Everyone knows OpenOffice.org is large. But here is a figure that gives a sense of the magnitude of this Open Source project. Since the successful launch of 1.0, OpenOffice.org has gained several tens of thousands of members; we now number well over 50,000. These are people from all over the world who have registered with the project. By doings so, they have expressed interest in furthering the product and project and, implicitly, in advancing Open Source.
Partly because of the immense growth promoted by the launch of OpenOffice.org 1.0, the last couple of months have seen changes in some of the non-technical projects. First, the Documentation Project was unanimously promoted from the Whiteboard/Incubator category to the Accepted Projects category. Congratulations, Scott Carr, who leads Documentation Project (http://documentation.openoffice.org/)!
(For those new to OpenOffice.org, some background: There are three main categories: Accepted Projects is the primary category; it includes most of the technical projects as well as Marketing. Incubator/Whiteboard houses community-sponsored, experimental projects, and Native-Lang contains the native-language projects, such as Francophone, Germanophone, etc. The leads of both Native-Lang and Incubator/Whiteboard are represented in Accepted Projects. Voting is accorded to those projects in the Accepted Projects category. A longer description of this organization can be found in the "About Us" page.)
Second, Guy Capra, who initiated the Native-Lang project in spring of last year, was voted in by the native-lang leads to take on the role of co-lead. Native-lang is quite important: It provides a space for users coming from almost any language group to communicate with each other, provide assistance, and inform each other about OpenOffice.org and Open Source. Native-lang is more than translating documents. Members also create documents, maintain download areas, and, perhaps most importantly, inform their local communities of OpenOffice.org.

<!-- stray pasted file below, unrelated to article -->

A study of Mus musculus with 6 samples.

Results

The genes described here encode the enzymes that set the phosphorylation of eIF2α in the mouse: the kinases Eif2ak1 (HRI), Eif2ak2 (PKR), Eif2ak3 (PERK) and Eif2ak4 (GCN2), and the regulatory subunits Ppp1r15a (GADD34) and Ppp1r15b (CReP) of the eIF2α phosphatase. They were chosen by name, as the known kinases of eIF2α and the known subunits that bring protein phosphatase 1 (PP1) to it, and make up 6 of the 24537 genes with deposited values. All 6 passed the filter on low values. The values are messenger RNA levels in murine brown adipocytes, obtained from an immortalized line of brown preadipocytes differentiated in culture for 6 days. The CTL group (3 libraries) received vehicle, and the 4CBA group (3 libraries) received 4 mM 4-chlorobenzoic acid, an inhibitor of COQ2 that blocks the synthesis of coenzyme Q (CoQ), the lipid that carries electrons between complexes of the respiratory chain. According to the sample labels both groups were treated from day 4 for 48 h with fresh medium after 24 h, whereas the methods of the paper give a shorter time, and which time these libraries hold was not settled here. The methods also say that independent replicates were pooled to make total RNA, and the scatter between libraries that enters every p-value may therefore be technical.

The number of native-lang projects is growing. As readers of the discuss list must be familiar, there have been several efforts to initiate new native-lang projects. The most recent of these have included Portuguese-Brazil (pt-br), and Portuguese-Portugal (pt-pt); the two are actually quite different languages, and Greek (el). More are on the way, and are in various stages of development. Discussions relating to native-lang projects take place in email@example.com; all are welcome.
Third, Martijn Dekkers, whom everyone knows both from his insightful and trenchant posts to, among others, firstname.lastname@example.org, email@example.com, and from OooDocs (http://www.ooodocs.org), OpenOffice.org's complementary site, was voted in co-lead of the Website project. (This actually happened a couple of months ago, and I regret how long it has taken me to announce it.) What does the Website project do? It is the project determining, within limits, the architecture, navigation, and appearance of OpenOffice.org. The overall project, of course, is composed of linked virtual hosts, e.g., dba.openoffice.org, api.openoffice.org, and so on. Website controls the "www" area, which is where you will find general files not related to technical projects. It needs a clearer ordering system, to be sure, but that is not the only reason why Martijn, Miljenko Williams and others are embarked on re-structuring and redesigning the architecture of the "www" area.
If OpenOffice.org was born a developer-centric project, it is now very much also an end-user destination. The architecture of the site must accommodate both interests. Certainly, the site must be easily navigable by the millions (yes, millions) of interested persons who visit the project each week, from all over the world. They come from all language backgrounds and cultures; they need to find things efficiently. The website project is now trying to create an architecture and look that will make it easy (and even enjoyable) for all users to find the materials they want. If you would like to contribute--especially if you have talent and skill coding--please join us in firstname.lastname@example.org. You can subscribe by going to the Website project homepage, http://website.openoffice.org/.
Finally, Michael Bemmer has proposed a new project, the QA Project, to be located in the Incubator/Whiteboard category. There is considerable interest in this project, which will coordinate much bug-fixing. If you would like to join it please send a message to email@example.com. As Michael emphasized in his message, this project is important: OpenOffice.org needs efficient, community-supported QA. The message of all these projects: You do not need to be a developer to make a difference.